We have all been warned of the dangers of social media. In every conversation regarding blogging, tweeting or posting, one warning is consistently restated: once you put something on the Internet, the rest of the world is able to see it forever. In today's world of technology, employers, potential romantic partners and even grandparents prowl social media, hoping to learn more about the lives of those they search. What you post is a crucial factor in determining how you are seen as a person.



But, we have all had our moments. We have all written a post that others were not very fond of. I admittedly have tweeted references to people that are less than flattering. Yes, you can manually delete posts, but what about the long-lost posts that people may accidently stumble upon that put you in a horrible light? Well, there's an app for that now.



Clear is an in-the-works iOS app that flags old Twitter, Facebook and Instagram posts that could be considered offensive and will, upon request, delete them from your feed. According to Techcrunch, the app prowls your feeds not just for blatantly offensive posts containing, for example, profanities and racial slurs, but also for "warning signs like references to racial groups or sexual orientation."  The app can even analyze the general sentiment of past posts.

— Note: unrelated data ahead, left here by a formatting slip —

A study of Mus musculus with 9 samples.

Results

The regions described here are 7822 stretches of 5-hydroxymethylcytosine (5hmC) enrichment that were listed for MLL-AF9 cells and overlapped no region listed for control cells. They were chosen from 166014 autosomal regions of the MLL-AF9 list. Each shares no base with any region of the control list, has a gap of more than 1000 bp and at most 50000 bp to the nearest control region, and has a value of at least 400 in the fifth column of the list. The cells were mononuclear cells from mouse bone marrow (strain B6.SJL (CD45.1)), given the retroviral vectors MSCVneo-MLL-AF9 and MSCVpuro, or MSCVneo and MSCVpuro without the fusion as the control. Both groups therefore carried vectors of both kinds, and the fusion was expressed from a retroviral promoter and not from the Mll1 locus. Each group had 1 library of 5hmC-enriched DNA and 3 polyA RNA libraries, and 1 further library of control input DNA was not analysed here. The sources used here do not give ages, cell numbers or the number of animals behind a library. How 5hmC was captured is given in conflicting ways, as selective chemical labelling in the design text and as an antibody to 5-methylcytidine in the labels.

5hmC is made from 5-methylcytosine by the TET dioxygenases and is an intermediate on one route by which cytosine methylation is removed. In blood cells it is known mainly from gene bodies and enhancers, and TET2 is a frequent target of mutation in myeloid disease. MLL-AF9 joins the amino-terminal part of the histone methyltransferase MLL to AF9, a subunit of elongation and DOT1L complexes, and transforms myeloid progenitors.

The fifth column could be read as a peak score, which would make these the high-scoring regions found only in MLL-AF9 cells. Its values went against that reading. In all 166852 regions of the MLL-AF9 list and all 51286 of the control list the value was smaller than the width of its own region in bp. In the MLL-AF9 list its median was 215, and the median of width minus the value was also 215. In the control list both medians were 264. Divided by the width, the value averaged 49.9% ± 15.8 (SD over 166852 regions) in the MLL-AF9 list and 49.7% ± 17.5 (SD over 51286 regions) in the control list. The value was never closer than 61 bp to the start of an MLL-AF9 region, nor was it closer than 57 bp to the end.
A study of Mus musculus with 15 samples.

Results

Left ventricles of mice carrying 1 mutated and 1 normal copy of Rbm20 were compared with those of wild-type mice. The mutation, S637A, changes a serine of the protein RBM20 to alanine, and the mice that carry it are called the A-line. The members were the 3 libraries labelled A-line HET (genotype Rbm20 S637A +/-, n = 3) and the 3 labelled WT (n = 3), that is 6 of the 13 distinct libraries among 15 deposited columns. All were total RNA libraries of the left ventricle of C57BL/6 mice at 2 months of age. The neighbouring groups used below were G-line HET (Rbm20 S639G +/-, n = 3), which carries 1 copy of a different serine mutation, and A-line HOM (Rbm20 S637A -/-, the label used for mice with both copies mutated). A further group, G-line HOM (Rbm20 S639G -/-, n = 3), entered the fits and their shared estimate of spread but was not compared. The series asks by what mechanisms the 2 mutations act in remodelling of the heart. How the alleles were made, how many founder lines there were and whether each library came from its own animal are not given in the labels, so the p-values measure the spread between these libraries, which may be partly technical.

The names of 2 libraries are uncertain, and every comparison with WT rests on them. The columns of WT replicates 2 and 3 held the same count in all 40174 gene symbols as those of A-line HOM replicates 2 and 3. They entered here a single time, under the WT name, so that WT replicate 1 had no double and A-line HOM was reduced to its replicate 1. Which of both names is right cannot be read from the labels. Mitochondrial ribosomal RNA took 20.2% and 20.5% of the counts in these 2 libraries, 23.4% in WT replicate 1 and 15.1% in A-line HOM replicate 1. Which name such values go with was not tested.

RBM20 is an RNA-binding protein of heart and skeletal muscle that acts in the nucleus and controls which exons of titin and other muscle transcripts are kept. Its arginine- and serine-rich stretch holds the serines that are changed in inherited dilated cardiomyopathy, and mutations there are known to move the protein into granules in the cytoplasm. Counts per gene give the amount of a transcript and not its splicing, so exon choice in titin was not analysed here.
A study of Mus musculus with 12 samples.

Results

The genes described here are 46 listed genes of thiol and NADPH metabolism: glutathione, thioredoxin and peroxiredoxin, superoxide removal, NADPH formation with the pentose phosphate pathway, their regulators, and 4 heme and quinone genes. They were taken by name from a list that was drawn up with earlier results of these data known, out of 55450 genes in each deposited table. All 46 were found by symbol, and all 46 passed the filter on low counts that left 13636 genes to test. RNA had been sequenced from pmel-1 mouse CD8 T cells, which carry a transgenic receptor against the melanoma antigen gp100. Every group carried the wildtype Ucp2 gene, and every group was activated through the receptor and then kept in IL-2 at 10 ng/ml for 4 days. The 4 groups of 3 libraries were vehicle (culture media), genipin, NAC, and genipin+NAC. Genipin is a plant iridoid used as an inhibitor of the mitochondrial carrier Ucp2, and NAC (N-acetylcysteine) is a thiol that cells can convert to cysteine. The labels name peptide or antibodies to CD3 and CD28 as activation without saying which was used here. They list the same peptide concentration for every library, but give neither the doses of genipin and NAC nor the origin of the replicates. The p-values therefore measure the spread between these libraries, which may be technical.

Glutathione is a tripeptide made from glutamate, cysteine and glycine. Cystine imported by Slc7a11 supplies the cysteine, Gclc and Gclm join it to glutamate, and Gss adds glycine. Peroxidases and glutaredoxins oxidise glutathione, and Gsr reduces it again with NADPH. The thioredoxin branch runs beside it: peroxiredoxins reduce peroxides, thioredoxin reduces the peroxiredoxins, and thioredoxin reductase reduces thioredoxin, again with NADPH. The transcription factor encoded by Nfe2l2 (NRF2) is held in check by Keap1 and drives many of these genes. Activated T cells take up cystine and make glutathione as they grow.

The creator of the app, Ethan Czahor, wanted to help others avoid the consequences of social media that he himself was unable to navigate. But how effective is the app?  For one, it could be a useful device in helping social media users choose less offensive words. This could enforce better social media habits, and make people aware of what they post and its effects.  Another great feature is that Clear does the work of revisiting old posts for you, which saves time if, for example, you have a job interview and want to clear your profile quickly.



The app holds people accountable for their posts by showing any faults and allowing them to decide whether or not to post, but there are some issues. For one, if someone decides to screenshot your post or photo, the app cannot erase that from the device afterwards.



Another misconception is that this new app will "clean up" social media. In theory, it could. However, those who use their social media as an outlet for airing grievances may not be willing to get the app. No one likes being told that they need to clean out their posts. People who are aware of their derogatory posts are not likely to be the ones to purchase and use this app.



While this app will help hold people accountable for what they post, it may also make it too easy for some to censor their past. We should all have to accept our faults on social media. Clear just makes it so you don't have to pay for them later.



Margaret Shaver '17 shaver@stolaf.edu is from Centennial, Colo. She majors in English and sociology/anthropology with a management concentration.